SVG has been rapidly increasing in popularity, with SVG icons, fonts, inline SVG, SVG styling, and JS/CSS3 animation of SVGs. All great examples of smart SVG use. Aside from its responsiveness and animation features, SVG can take design to a whole new level.
Using a newly-developed editor, we’ll show you how any vector can be made customizable. The editor is still experimental, so it cannot be integrated here, but we’ll walk you through the process and illustrate this post with a sporty little swimmer (credit for the design goes to Lisandro Trepeu).
1.Draw your vector
The first step is to design your illustration in your favorite graphical editor.
2.Export as SVG
Once you’re done, you’ll need to save your illustration as an SVG.
You can keep the export settings to the standard SVG 1.1 format. The only setting that will affect the way you work with your SVG is “CSS Properties”. You have two options: you can either select “style elements” (which will add CSS classes on top of your SVG) or you can choose “style attributes” (to style each element separately). The choice depends mainly on how you’ve built up your design and how you want to link variables to it.
You can then open your .svg file using a code/text editor to see what’s inside:
A good exercise is to try to identify elements of your design by looking at the code. In our case, the elements are pretty easy to find with only
<path> elements and id’s (names are automatically taken from the layers): swimsuit, goggles and cap.
Once we’ve pasted the code into our text editor, you’ll notice a “clean SVG” button in the upper right corner. This button was added to automatically remove useless metadata and prepare your SVG for customization (it’s based on SVGO). The way your SVG appears on screen depends on the original artboard in your graphical editor. If it doesn’t display well, you can still adjust the viewbox values:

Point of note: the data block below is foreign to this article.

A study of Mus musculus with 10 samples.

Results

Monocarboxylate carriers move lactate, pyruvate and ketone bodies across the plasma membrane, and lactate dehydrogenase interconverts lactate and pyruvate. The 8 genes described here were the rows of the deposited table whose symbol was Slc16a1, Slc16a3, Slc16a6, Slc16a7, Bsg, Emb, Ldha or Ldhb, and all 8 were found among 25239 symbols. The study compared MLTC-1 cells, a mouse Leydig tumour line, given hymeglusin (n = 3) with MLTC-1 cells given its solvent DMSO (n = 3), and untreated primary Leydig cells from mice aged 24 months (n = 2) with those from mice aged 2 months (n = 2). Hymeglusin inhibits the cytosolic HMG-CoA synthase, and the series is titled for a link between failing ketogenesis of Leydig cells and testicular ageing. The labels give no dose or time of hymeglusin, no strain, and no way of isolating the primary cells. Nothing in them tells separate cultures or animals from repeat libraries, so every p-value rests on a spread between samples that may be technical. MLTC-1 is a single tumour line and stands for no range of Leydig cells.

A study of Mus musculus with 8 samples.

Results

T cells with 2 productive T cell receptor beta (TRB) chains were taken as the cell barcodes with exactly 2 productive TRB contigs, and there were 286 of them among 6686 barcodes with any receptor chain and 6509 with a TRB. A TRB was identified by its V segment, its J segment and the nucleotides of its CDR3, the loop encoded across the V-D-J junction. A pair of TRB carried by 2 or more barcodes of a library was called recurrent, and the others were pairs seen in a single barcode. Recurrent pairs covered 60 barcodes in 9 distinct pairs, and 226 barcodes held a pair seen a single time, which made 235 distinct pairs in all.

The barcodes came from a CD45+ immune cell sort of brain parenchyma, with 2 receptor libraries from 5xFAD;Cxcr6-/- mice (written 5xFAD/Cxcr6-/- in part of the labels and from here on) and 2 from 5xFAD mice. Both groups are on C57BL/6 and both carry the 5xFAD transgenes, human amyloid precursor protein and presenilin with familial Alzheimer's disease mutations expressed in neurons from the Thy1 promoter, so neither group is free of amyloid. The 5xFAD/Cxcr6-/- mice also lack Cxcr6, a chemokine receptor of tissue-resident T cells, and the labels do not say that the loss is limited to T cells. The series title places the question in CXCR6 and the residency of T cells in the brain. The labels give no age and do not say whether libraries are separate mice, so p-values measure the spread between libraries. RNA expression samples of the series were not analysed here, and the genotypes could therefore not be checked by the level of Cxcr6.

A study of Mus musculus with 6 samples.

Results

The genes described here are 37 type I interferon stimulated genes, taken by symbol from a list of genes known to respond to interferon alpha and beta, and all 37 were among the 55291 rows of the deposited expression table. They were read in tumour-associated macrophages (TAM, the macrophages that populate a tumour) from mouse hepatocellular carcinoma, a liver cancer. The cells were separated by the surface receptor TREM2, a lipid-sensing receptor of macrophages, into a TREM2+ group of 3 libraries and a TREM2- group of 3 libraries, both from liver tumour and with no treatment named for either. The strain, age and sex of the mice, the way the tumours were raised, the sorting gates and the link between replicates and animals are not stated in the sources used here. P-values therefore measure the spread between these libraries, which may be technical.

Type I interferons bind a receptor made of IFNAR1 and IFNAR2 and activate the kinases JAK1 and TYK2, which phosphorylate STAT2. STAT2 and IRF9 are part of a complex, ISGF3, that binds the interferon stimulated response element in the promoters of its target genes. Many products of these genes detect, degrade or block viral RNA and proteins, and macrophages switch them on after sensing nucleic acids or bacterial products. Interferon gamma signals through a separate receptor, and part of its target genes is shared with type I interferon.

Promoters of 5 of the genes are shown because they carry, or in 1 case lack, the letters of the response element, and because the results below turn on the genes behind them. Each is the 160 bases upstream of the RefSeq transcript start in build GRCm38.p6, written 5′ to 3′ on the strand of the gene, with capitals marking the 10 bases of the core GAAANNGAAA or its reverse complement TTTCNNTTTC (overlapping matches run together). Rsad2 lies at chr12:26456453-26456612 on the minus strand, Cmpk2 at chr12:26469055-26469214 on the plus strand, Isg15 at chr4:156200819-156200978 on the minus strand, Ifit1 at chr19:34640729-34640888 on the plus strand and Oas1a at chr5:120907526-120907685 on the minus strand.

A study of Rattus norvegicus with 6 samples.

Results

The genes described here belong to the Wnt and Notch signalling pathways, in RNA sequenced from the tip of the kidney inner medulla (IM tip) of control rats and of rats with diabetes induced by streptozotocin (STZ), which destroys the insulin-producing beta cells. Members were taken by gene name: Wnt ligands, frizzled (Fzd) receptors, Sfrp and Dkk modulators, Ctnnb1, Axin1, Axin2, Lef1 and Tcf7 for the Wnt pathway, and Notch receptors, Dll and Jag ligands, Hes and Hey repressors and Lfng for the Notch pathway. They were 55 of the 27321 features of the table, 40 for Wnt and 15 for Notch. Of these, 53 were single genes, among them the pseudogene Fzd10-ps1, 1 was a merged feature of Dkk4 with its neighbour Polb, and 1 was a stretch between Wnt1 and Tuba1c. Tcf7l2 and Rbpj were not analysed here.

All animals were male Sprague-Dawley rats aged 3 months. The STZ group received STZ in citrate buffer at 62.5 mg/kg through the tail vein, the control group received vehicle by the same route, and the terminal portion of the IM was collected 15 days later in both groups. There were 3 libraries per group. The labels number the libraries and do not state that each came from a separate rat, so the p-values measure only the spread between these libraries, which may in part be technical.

viewBox="0 0 1024 1024".
3. Style your SVG
Now you’re ready for the actual customization. The good news is that you can style pretty much anything in your illustration from color to text, position and visibility.
Let’s turn Michael into a Speckyboy swimmer. To do so, we’ll change several things:
- Change the color of the swimsuit, glasses and logo from purple to #587898 blue;
- Hide the swimming goggles;
- Put “Speckyboy” on his swim cap
This will be done inside the editor, so we need UX controls to interact with our mouse: we’ll simply add a color picker, a boolean, and a text input.
The editor to style the SVG is right next to the SVG and is called CSS, because of it’s similarities with its HTML counterpart.
Elements from the SVG need to be linked to the UX controls to make them customizable. As with most styling languages, this comprises two steps:
- Selecting the ID element using # (e.g. #hat1) (or alternatively using classes);
- Applying a method to the element (e.g. ‘fill’, ‘visible’ or ‘text-content’);
$name is a reference to the UX control we have defined above.
The controls should now be linked to the illustration and you should be able to customize the illustration. Here’s our Speckyboy Swimmer:
You can find the full customization code and play with the Speckyboy swimmer here.
The tutorial above can be done for any vector image. You can get access to the editor and illustrio platform here.
Online editor to change the look of your SVGs.